Indonesia lures voters with superheroes and endangered animals, Latest World News - The New Paper

Indonesia lures voters with superheroes and endangered animals


The 37-year-old presided over one of the creepiest ballot stations in Indonesiayesterday as it held a giant election that featured some 190 million voters and 245,000 candidates vying for public office, including a new president.

To bolster turnout at some 800,000 polling booths nationwide, election officials pulled out all the stops, from dressing like superheroes to enlisting the help of elephants in Sumatra.

In Tangerang, outside the capital Jakarta, voters cast their ballots at Mr Adnan's horror-themed polling station, which was outfitted with cardboard coffins and blood-stained rags that hung from the ceiling.

Staff were allowed any costume they chose, as long as it did not appear to favour either president Joko Widodo or his re-election rival Prabowo Subianto.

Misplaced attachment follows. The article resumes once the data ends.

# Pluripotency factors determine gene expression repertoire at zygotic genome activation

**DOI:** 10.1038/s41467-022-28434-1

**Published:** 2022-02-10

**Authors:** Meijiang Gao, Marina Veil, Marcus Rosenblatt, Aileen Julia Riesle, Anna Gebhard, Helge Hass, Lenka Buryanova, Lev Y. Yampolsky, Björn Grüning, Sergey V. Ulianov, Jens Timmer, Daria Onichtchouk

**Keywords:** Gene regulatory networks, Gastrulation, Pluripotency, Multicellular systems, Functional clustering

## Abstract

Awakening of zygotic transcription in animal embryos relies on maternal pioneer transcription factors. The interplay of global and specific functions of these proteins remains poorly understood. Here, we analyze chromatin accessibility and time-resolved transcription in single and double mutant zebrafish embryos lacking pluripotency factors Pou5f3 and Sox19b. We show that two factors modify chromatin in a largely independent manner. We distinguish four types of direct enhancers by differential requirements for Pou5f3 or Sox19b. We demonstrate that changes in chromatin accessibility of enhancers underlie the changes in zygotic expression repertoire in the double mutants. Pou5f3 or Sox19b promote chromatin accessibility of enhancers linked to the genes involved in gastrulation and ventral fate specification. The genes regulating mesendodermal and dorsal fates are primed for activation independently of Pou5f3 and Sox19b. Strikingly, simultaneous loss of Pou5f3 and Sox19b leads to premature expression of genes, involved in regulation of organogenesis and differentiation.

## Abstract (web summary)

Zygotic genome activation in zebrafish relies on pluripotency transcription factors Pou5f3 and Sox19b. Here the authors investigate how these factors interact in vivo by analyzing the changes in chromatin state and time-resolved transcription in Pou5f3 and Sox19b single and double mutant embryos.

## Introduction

"We are trying to attract people so there will be less golput," Mr Adnan told AFP, using the Indonesian term for citizens who do not vote.

It seemed to work.


"This is amazing - the theme is so different from other stations," said 42-year-old Komariah Usia.

There was also a photo booth on hand for successful ballot casters - whose fingers were dipped in indelible ink to prevent double voting - keen to snap a picture of themselves as proof of their civic duty.

Some restaurants and other retailers were offering free food and drink to those who held up their ink-stained finger.

In Surabaya, asuperhero-themed polling station was a hit. Election officials there helped disabled voters cast a ballot and pressing fingers into the Muslim-approved halal ink jars.

"We made it look this way to motivate millennials, especially first-time voters," said polling station chief Andilio, who goes by one name.

But he also hoped that staff would take the costumes to heart by serving "voters just like how these characters would".

"Safeguard democracy and the election so it will be smooth, safe and peaceful," he added.

Officials in Sumatra enlisted the help of three critically endangered Sumatran elephants.

They were used to transport cardboard ballot boxes to polling stations in Central Trumon subdistrict - much to the entertainment of citizens.